I can tell you with some authority that we Americans love St. Patrick’s Day. The Guinness-promoted slogan “Everyone’s Irish on March 17th” becomes nothing short of a law; most major cities hold massive parades celebrating their Irish heritage; Chicago dyes its river green; sports teams wear special uniforms to mark the occasion. This uniquely celebratory sort of relationship to Irish heritage in America is often reflected in our cinema, from the hugely influential John Ford film The Quiet Man (1952) to Troy Duffy’s cult hit The Boondock Saints (1999) and its comically-titled sequel The Boondock Saints II: All Saints’ Day (2009), Irishness comes across as something to celebrate. It is just one ethnic identity in a country of many, to be sure, but the presence of Irish Americans in Hollywood (especially during its Golden Era) has been felt much more strongly than that of any other cultural group.
John Ford’s The Quiet Man is known today, especially to Irish filmmakers and critics, for the so-called “postcard” view of Ireland it presented. Shot mostly on location in Ireland, The Quiet Man tells the story of Sean Thornton (John Wayne), who left Ireland for America with his parents at a young age and is now returning to lay claim to his ancestral lands and rediscover his roots. Along the way, he falls in love (in record time, as usual) with Mary Kate Danagher (Maureen O’Hara), a local woman whose brutish brother (Victor McLaglen) is the only one in the village of Inisfree who opposes Wayne’s character’s integration into the community.
Ford uses the character of the brother, in the director’s usual heavy-handed way, to establish the nobility of his hero’s homecoming. The brother’s overdrawn roughness and generally crude behaviour shows clearly how Ford feels about any Irishman who would deny his American brethren a chance to claim his own piece of Ireland. The kind of Irishness celebrated by the film’s ending, in which Sean and Mary Kate get married and burn her dowry, allows for both an American brand of (relative) equality between the sexes and a firmly Irish grip on the past.
Irish heritage becomes more of a burden than a blessing, however, in Martin Scorsese’s 2002 picture, Gangs of New York. The film has been praised for its depiction of the brutal conditions and discrimination the Irish faced during the first great wave of immigration to the United States in the mid-19th century. The life cycle of the newcomers is encapsulated in a brilliant shot during in the film’s opening sequence, as men step off an immigrant ship and right into line for army recruitment as coffins are loaded onto another ship.
Leonardo DiCaprio stars as Amsterdam Vallon, who hides his Irish roots in order to ingratiate himself with and subsequently take revenge on Bill “The Butcher” Cutting (Daniel Day-Lewis, who was upset for the Oscar that year by Adrien Brody), who murdered his father (Liam Neeson). Bill the Butcher leads a gang of Nativists bent on “protecting” Lower Manhattan from the flood of Irish immigration. After his Irishness is revealed, Amsterdam openly uses it to unite the other immigrants and stand against The Butcher once and for all. At this point as well as in the film’s violent climax, Irish heritage is not celebrated so much as it is finally accepted as a vital part of America as a nation, symbolically underlined by The Butcher’s burial next to Amsterdam’s father. Nothing needs to be said about Cameron Diaz in this movie.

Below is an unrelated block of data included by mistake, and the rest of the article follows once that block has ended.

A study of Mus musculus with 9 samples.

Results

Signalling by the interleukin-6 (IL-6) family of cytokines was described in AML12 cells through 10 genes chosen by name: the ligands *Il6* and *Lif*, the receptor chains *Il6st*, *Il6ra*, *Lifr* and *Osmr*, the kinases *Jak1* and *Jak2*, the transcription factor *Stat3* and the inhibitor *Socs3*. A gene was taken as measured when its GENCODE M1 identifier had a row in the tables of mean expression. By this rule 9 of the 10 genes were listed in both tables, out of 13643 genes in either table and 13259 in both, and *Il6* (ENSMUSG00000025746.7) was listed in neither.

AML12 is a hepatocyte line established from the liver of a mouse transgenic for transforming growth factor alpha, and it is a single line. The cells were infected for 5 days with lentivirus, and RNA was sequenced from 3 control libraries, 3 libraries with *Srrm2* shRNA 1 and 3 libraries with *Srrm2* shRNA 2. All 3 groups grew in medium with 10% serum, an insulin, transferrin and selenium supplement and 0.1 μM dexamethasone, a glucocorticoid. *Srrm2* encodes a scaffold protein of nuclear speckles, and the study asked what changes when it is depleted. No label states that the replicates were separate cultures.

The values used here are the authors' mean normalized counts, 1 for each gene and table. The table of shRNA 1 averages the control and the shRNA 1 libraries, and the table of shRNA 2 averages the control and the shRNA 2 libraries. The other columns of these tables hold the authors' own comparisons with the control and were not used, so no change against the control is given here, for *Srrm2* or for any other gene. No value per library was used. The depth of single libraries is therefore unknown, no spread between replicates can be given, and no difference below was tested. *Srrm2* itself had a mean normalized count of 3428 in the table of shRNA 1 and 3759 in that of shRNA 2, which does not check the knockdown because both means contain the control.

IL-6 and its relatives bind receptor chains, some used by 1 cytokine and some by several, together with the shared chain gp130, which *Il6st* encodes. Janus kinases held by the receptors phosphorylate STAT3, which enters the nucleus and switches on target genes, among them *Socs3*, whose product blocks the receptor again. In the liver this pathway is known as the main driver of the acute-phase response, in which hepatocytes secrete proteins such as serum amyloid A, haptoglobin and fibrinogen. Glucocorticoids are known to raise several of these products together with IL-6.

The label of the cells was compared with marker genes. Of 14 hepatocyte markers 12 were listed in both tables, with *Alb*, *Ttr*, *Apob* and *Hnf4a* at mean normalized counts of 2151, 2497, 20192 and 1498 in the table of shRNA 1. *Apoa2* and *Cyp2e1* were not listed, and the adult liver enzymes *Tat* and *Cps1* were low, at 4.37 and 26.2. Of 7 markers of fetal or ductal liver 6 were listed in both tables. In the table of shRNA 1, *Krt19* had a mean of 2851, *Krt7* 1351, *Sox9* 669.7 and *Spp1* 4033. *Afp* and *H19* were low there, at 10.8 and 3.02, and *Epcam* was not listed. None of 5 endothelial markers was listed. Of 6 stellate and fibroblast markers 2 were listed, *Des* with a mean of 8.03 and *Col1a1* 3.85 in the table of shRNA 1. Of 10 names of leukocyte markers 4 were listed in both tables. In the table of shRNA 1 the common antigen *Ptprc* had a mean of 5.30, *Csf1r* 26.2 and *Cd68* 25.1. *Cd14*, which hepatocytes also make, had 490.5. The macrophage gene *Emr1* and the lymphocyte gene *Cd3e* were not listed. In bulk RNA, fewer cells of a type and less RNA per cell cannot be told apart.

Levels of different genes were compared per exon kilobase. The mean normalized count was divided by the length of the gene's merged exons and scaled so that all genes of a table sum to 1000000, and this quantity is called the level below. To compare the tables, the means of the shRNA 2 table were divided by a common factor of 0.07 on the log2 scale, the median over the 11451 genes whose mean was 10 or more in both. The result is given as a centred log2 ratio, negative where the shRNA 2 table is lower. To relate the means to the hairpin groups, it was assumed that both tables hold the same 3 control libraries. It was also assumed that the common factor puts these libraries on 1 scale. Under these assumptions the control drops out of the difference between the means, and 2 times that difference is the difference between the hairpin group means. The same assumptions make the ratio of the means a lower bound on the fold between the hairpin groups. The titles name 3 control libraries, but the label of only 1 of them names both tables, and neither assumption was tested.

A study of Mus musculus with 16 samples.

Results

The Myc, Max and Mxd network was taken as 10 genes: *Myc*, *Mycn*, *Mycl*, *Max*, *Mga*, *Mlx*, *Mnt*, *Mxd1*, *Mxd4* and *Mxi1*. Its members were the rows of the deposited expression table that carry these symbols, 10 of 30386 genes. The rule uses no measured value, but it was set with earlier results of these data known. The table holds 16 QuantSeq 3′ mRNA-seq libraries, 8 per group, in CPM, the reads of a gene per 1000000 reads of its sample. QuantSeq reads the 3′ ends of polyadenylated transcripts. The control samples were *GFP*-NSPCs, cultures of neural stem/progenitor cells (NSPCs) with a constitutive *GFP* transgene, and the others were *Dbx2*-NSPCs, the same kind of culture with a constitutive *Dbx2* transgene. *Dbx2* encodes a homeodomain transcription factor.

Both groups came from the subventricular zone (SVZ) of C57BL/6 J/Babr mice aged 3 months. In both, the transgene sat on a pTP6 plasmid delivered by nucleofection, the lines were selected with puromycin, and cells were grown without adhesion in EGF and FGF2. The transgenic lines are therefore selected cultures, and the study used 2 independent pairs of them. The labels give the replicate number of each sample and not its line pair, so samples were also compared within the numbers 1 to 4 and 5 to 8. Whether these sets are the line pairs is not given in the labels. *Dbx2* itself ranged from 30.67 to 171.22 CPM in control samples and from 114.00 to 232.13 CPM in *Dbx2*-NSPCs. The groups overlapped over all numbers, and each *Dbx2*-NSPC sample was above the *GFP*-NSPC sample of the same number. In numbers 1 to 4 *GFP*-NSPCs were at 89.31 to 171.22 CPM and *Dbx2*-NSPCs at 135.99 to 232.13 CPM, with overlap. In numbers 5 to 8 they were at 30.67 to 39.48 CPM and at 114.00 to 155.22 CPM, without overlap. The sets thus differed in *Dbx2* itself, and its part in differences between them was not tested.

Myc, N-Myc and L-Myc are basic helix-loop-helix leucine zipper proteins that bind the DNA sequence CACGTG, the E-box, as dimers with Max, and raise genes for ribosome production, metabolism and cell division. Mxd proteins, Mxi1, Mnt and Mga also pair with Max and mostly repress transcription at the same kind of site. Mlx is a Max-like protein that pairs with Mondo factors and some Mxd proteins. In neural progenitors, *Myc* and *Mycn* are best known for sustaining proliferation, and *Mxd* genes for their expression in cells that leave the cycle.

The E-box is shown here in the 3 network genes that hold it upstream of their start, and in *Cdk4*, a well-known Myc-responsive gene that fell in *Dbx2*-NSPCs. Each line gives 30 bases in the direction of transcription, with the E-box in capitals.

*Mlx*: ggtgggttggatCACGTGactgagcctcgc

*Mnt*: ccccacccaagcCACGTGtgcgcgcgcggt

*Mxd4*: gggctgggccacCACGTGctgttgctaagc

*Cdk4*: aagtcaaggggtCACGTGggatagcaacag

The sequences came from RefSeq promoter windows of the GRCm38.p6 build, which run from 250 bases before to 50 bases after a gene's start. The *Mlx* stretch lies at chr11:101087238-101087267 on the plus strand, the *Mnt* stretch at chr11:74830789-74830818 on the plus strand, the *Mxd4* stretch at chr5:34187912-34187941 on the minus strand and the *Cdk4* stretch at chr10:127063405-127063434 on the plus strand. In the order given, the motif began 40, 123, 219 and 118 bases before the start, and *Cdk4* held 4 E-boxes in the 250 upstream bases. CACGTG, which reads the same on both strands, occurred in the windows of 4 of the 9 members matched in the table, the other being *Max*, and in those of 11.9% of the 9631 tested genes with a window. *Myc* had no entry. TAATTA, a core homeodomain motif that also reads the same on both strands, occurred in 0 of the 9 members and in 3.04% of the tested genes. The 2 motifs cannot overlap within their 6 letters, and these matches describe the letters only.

Where Irish-American identity was a complicated concept in Gangs of New York, it (along with every other ethnicity) functioned as more of a stereotyped joke in Troy Duffy’s The Boondock Saints. Criticism against the film has been ample, with most reviewers rejecting it as a plotless orgy of violence. The two main characters, Connor and Murphy McManus, after defending themselves from an attack by Russian mobsters, brand themselves as some sort of avenging angels and set out to rid Boston of its gang problem by simply killing all the criminals. This becomes a platform for a certain amount of religious grandstanding as the Catholic brothers go so far as to recite a prayer before executing their victims.
They are consistent churchgoers who wear rosaries around their necks and leave pennies on the eyes of the dead. Tattoos of the Latin words for “truth” and “justice” adorn their hands to complete the caricature of hyper-Catholic Ireland as viewed from that side of the Atlantic. It is their ethnic identity that defines them, as it does almost every other character in the movie, but the way it’s presented to us also prevents any sort of characterization beyond this surface level. Such shortcomings give the viewer no reason to care about any of the characters beyond who gets shot and when.
From historical accuracy to stereotypes or the relationships between emigrants and those who remain in the country, representations of Ireland and the Irish in American cinema have never failed to spark debate. The deep and lasting effect the Irish have had on American movie culture is undeniable, yet complications remain. As in The Boondock Saints, representing ethnic groups can quickly and easily devolve into gross stereotyping but, as The Quiet Man and Gangs of New York show, the difficulty of crossing boundaries for the sake of abolishing those stereotypes and accepting each other works both ways.